07/29/2016

Do numbers define your life? This is the question posed by Tiny Buddha contributor Katie Jensen. http://tinybuddha.com/blog/lives-measured-love-not-numbers/. A great post. It definitely got me thinking.

My job is very data driven. As a teacher, I am highly encouraged (translation: required) to track my students’ goals and objectives regularly. In fact, if it is not “measurable and observable,” I am advised (okay, told) not to make it an educational goal for my students. This makes sense for work, but what about the rest of my life?

I’ve never thought of myself as a numbers person. Many math teachers from Los Osos and Morro Bay California can attest to this fact. I chose seemingly less quantitative courses of studies like journalism, English and special education (jokes on me, math is everywhere). But in reality, most of the time, I let my brain rule and assign value to my life based on numbers. How much do I weigh? How much did I weigh 20 years ago? How old am I? What size do I wear? What size should I wear?  How much is my house worth? How much will it be worth ten years from now? When I evaluate my life, quantities pop up:  number of relationships, number of workouts, miles covered or not covered, words written, grams of sugar consumed per day, years at my current job, the balance in my checking and savings accounts, credit card debt, interest rates, etc., etc., etc.

Would my life be better without these constant numerical assessments? Could I let the numbers go, and concentrate on people, places, things, ideas, love, all the things that make for a full, wide life? Perhaps I need  a list.  I do love lists. Maybe I won’t care about the number of items on the list;  I’ll  only care about the contents.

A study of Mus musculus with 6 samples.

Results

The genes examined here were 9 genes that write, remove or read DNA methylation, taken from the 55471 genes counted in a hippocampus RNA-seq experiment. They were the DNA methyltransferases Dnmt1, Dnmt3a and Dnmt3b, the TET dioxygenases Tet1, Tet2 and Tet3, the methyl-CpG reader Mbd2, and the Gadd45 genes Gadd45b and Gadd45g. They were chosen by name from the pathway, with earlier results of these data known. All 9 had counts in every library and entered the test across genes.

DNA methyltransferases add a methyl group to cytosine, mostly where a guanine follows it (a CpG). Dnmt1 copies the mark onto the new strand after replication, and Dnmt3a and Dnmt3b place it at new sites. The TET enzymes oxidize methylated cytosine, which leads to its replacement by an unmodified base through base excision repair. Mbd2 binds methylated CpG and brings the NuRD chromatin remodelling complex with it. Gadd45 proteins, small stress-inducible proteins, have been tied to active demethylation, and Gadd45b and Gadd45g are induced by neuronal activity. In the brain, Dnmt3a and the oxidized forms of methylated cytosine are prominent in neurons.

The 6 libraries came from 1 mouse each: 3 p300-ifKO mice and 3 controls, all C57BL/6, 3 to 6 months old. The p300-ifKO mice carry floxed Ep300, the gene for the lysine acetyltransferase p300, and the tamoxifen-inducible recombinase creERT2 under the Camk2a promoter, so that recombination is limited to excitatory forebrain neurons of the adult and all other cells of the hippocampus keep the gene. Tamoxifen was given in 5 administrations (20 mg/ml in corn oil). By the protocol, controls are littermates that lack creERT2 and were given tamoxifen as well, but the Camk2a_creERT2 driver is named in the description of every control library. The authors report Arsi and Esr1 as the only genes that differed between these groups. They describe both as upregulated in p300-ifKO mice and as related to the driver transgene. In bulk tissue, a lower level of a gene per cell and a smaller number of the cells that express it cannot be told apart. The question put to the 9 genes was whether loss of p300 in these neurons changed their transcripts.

Like, for example, here is my summer list of places:

Gerle Creek/Loon Lake. Homage. Sparks Coffee Shop. Scheels. Galaxay Theater. Century Theater. Carson Valley Pool. Great Basin. Rounds. Lighthouse Coffee. Anytime Fitness. Washoe County Library. Walmart. Squeeze Inn. Jacks. Hometown Café. The Western Village. Hub. Coffeebar. The Truckee River. California Burger. Big Pines Mountain House. IV Coffee Lab. Chuck E. Cheese. A & W. Scoopers. Home Depot. Base Camp Pizza. Sun Valley Pool.  Pah Rah Park.

Or, my list of things: Books, coffee, s’more’s, lemon Oreos, watermelon, black bears, guns, movies, swimming pools, video games, camp stove and propane, flashlights, creeks and lakes, letters to friends, journals, weeds and fresh paint, dogs and leashes, Netflix, water slides, and  cold Cokes with frozen Jack.

I want to think more qualitatively and less quantitatively, while still making my lists (I do really love lists, did I mention?) Maybe I could look on my life- past, present and future- with understanding and even awe, rather than judgement. When I read biographies or Wikipedia entries about peoples’ lives, I don’t judge the numbers of marriages or kids or jobs they’ve had. I definitely don’t care how much my favorite authors weigh or how many calories per day my favorite actors consume. So why am I kinder to the strangers, living and dead, than I am to my own self? Why do I let numbers define me?

I am working on choosing different systems of personal evaluations. Even with running, I am focusing less on distance and time, and more on avoiding zombies (Zombies, Run) and making it fun. I am only competing with myself, not my Facebook friends and not my younger, super fit, and frankly very neurotic self. I mean seriously, I don’t want to go back to that time, when I was in my twenties and  had nice leg muscles and worried so much about what everyone else thought about me. So how about I let it go? Okay, good talk.

Currently reading:  For the 2016 Book Challenge: “read a book published before you were born”:  Jonathon Livingston Seagull.  And because that was so short, How to Win Friends and Influence People. I guess I’m going old school self-help or something. Also trying to finish What is the What and Urban Monk before I start any new stuff.

I gave up on My Grandmother Asked Me to Tell You She’s Sorry. One hundred pages in, and I was still bored. I think next I will try A Man Called Ove, also by Fredrik Backman.